Oklahoma Educational Television Authority Programming
- Back In Time
- Oklahoma City Bombing
- OETA Story on Oklahoma Statehood
- Stateline Excerpt: Oklahoma Outlaws
- Native Peoples of Oklahoma - Protecting Native American Communities - 4.2.4 OETA: White Man's Road
- 1921 Tulsa Race Riots
- Top Ten Deadliest Oklahoma Tornadoes (1882-Present)
- Gateway to Women’s History
The OETA News and Cultural Programming (1980-Present) Collection includes 74 programs and segments created since the 1980s by Oklahoma Educational Television Authority (OETA). It is a glimpse into the past, covering topics and exploring issues that are relevant to the diverse cultures of Oklahoma. The collection, which includes programs about Oklahoma history, documents issues and events such as the Oklahoma Land Run of 1889, the life and career of humorist Will Rogers, the women’s war effort in World War II, and the Oklahoma City Bombing. Also featured are individuals, such as, aviator Wiley Post, Boomer David Payne, the “Hanging Judge” Charles Isaac Parker, and many others. They are resilient men and women who have both contributed to the legacy of Oklahoma as well as the mosaic of our great nation in the area of art, music, science, exploration, politics, religion, architecture, literature, language, etc. This collection is an eclectic mix of digitized at-risk public media material from the OETA Archive with contributions from the Oklahoma Department of Wildlife Conservation Archive.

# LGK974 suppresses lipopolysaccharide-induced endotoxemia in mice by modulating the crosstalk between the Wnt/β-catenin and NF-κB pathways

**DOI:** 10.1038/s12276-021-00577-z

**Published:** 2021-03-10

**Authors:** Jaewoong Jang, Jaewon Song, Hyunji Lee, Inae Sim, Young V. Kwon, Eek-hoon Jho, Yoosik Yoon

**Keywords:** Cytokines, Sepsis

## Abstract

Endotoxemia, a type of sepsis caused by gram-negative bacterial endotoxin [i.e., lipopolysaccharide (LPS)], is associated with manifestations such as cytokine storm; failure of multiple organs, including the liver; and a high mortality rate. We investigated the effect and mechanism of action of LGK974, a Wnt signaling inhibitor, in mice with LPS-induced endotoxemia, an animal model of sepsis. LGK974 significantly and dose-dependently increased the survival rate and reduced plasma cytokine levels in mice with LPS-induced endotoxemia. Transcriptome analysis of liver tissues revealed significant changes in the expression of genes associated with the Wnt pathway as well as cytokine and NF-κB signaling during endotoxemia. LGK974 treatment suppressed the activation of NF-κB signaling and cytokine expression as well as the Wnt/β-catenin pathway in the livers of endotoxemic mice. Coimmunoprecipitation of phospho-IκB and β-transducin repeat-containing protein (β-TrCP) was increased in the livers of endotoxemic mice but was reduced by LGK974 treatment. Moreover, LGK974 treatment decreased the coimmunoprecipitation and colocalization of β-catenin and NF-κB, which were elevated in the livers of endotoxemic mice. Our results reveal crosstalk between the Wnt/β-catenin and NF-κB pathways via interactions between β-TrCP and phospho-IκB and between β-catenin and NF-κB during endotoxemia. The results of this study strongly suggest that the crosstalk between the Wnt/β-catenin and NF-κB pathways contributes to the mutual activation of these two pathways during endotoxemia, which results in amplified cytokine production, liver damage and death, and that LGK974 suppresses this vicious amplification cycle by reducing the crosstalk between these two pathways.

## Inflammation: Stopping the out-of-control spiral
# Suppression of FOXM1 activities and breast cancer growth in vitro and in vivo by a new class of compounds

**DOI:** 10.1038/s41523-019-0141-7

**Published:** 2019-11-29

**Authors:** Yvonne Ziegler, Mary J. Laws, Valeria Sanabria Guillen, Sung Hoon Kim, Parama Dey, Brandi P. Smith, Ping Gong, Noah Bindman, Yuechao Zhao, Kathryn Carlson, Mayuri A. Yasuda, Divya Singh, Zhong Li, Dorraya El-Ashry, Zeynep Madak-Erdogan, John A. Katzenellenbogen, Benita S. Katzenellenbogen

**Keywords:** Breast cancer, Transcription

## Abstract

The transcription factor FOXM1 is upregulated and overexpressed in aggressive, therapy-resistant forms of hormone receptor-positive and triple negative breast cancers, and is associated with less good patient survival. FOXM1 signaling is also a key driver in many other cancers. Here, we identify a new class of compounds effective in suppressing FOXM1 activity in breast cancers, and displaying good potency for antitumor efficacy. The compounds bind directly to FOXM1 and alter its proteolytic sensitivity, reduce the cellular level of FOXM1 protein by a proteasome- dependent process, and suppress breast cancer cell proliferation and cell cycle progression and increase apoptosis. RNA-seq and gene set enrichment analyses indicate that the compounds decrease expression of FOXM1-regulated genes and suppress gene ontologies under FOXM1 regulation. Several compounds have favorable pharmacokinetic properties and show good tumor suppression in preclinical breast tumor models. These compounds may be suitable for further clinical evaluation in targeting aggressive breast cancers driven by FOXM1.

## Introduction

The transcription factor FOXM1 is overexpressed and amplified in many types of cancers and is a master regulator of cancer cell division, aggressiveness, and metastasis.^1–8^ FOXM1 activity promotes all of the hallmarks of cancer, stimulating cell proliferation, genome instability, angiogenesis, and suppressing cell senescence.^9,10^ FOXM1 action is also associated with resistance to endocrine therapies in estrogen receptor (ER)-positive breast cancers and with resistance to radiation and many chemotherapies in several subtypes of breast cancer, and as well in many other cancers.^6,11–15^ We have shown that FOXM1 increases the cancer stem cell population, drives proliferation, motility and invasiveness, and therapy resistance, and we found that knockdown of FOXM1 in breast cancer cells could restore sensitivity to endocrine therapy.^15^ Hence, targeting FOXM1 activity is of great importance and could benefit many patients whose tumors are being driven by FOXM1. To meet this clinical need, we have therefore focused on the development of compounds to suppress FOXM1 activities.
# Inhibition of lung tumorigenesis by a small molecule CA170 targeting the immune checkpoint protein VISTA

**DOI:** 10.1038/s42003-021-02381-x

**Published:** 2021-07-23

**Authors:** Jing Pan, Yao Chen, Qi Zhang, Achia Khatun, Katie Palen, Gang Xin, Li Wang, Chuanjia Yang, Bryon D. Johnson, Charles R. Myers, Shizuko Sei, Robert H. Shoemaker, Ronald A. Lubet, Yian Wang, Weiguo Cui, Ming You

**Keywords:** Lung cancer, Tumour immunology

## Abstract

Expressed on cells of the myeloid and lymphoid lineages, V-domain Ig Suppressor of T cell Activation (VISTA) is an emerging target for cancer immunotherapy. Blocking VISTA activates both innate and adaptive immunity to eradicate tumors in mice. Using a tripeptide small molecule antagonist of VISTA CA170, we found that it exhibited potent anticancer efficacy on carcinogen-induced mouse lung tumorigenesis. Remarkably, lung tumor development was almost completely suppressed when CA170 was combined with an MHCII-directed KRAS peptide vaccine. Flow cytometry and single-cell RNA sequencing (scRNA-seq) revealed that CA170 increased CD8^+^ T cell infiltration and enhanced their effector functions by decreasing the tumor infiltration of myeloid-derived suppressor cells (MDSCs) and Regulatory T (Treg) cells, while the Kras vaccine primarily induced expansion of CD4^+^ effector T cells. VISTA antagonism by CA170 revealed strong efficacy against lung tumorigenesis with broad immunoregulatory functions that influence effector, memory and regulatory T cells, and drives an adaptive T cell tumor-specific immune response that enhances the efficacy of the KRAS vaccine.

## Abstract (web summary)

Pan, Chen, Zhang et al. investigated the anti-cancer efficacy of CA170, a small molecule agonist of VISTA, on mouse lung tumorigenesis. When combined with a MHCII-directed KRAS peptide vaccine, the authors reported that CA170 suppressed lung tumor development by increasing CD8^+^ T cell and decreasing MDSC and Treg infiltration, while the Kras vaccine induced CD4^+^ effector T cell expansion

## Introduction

The Oklahoma Educational Television Authority (OETA) is Oklahoma's only statewide coordinated instructional and public television network. In 1951 the state legislature pioneered the growth of noncommercial educational television in the United States by unanimously approving House Concurrent Resolution Number 5, urging the Federal Communications Commission (FCC) to reserve television channels for educational purposes. In addition to offering television programs supplied by PBS and acquired from various independent distributors, the network produces news, public affairs, cultural, and documentary programming; the OETA also distributes online education programs for classroom use and teacher professional development, and maintains the state's Warning, Alert and Response Network (WARN) infrastructure. The OETA network's main offices and production facilities are located at the intersection of Kelley Avenue and Britton Road in northeastern Oklahoma City. The collection was digitized in 2018 by Evelyn Cox and Laura Haygood, Public Broadcasting Preservation Fellows, in collaboration with Oklahoma Educational Television Authority, through a project funded by the Institute of Museum and Library Services.